01:00 Mon 11th Mar 2002 |

asks tonyb:
Prostate cancer is the commonest male cancer in the UK. About one man in 20 will develop prostate cancer - usually when they're over 65.

Benign prostatic hyperplasia (benign enlargement of the prostate) is something that happens with age. Although it's not dangerous, it can cause problems with urinating. Up to 30% of men in their 70s have this condition.

Prostatitis is caused by a bacterial infection, usually from the bladder.

All have similar symptoms.

Q. What sort of symptoms should I look out for
The prostate is a small gland just below the bladder and any growth in the prostate causes difficulty is passing urine.

Look out for:

  • a need to pee frequently
  • getting up through the night to pee
  • rushing to get to the loo in time
  • a delay before urine starts to flow
  • pain in the back, pelvis or hips
  • blood in the urine
  • impotency.

Q. How can I tell if I have prostate cancer rather then one of the other problems
You can't. Any growth in the prostate will cause the same symptoms. Because there's no way you can tell exactly what's wrong, you should see your GP as soon as you notice any problem.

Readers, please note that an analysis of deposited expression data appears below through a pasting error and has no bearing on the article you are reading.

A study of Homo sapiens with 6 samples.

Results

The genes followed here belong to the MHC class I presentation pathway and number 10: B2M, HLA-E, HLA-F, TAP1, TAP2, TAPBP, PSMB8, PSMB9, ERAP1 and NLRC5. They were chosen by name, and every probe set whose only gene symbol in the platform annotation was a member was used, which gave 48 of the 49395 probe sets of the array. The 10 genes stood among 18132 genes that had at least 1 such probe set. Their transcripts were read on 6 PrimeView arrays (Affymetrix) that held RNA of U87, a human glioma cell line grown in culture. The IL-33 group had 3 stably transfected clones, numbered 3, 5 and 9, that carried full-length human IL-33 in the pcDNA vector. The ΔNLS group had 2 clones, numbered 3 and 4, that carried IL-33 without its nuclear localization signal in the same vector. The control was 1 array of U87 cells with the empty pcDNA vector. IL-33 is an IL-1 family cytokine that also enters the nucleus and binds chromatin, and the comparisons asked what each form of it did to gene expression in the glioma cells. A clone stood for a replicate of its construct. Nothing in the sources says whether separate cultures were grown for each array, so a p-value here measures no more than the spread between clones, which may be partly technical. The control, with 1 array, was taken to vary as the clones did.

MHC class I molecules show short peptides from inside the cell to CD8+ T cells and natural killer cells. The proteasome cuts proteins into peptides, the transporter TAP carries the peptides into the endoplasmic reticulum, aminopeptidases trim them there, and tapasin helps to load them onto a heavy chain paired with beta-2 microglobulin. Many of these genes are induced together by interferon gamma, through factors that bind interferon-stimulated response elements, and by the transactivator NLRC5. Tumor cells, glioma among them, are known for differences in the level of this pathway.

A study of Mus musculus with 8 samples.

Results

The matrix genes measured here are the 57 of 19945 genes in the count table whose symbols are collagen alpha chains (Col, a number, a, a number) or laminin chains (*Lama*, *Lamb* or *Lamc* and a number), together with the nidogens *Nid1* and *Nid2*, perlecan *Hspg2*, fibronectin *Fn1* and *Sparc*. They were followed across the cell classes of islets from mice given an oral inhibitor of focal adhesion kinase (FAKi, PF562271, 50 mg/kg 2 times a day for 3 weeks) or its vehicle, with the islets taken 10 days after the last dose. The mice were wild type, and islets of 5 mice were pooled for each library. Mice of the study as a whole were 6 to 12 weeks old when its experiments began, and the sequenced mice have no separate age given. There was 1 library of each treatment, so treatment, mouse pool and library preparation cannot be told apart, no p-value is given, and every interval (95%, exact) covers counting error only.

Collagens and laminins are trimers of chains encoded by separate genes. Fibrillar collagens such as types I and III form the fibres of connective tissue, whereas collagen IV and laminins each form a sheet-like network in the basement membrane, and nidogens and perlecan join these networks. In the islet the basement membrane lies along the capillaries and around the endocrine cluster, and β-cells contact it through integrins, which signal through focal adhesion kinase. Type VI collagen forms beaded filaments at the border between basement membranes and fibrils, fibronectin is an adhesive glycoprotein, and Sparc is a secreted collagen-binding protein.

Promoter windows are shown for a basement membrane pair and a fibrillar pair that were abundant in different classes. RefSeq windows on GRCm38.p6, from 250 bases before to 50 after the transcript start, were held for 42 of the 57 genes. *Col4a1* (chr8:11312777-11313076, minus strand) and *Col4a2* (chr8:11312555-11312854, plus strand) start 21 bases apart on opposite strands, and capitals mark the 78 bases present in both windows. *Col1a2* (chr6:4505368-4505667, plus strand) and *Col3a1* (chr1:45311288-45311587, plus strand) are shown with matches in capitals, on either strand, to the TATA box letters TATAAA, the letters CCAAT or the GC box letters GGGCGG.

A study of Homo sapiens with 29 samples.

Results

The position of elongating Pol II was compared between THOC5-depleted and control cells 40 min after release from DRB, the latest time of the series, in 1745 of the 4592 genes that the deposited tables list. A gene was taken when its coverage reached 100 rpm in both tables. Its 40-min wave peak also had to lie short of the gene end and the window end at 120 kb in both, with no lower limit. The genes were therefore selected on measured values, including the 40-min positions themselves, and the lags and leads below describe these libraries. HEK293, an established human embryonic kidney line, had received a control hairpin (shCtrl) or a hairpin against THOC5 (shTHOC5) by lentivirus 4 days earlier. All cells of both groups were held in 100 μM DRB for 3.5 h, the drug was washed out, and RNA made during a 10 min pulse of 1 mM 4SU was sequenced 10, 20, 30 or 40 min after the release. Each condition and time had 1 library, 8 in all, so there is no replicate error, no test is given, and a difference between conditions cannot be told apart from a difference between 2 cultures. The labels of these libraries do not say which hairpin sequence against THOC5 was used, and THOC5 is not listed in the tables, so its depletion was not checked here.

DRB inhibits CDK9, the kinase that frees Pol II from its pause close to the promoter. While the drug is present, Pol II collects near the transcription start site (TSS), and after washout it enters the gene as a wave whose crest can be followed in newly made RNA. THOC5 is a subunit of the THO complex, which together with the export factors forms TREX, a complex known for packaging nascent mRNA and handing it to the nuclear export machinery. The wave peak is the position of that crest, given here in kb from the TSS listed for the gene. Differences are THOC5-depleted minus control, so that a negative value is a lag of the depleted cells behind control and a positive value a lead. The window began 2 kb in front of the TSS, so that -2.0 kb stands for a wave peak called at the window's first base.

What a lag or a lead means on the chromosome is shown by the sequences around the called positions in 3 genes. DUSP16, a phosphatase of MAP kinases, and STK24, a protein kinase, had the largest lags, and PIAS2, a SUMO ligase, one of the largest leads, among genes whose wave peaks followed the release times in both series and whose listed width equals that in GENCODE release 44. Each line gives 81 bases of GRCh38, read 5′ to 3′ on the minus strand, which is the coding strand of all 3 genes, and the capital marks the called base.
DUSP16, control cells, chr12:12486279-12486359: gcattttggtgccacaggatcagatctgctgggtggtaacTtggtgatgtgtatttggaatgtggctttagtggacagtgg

Q. How is prostate cancer diagnosed
Prostate cancer is detectable with a digital rectal examination (DRE), where a doctor places a finger inside your back passage to check the size and shape of the prostate. This should be painless, if a little uncomfortable.

The other test used is a blood test to measure the amount of prostate specific antigen (PSA) in the blood. This is a protein produced by the prostate gland and high levels indicate a problem.

Q. What causes prostate cancer
There's no clear-cut cause, but the risks are increased if:

  • your diet is high in animal fat and low in vitamin A
  • you had a sexually acquired infection at a young age
  • it runs in the family
  • you have Afro-Caribbean ancestors.

Q. Is there any way to prevent it
Studies show that eating foods which are high in lycopene (especially tomatoes and tomato sauces) can significantly reduce the risk of prostate cancer, and a Swedish study found that men who eat oily fish twice a week halved their chances of getting prostate cancer.

Regular sex can help prevent it, but don't be promiscuous - a new study shows that men who have unprotected sex with lots of partners have a greater risk.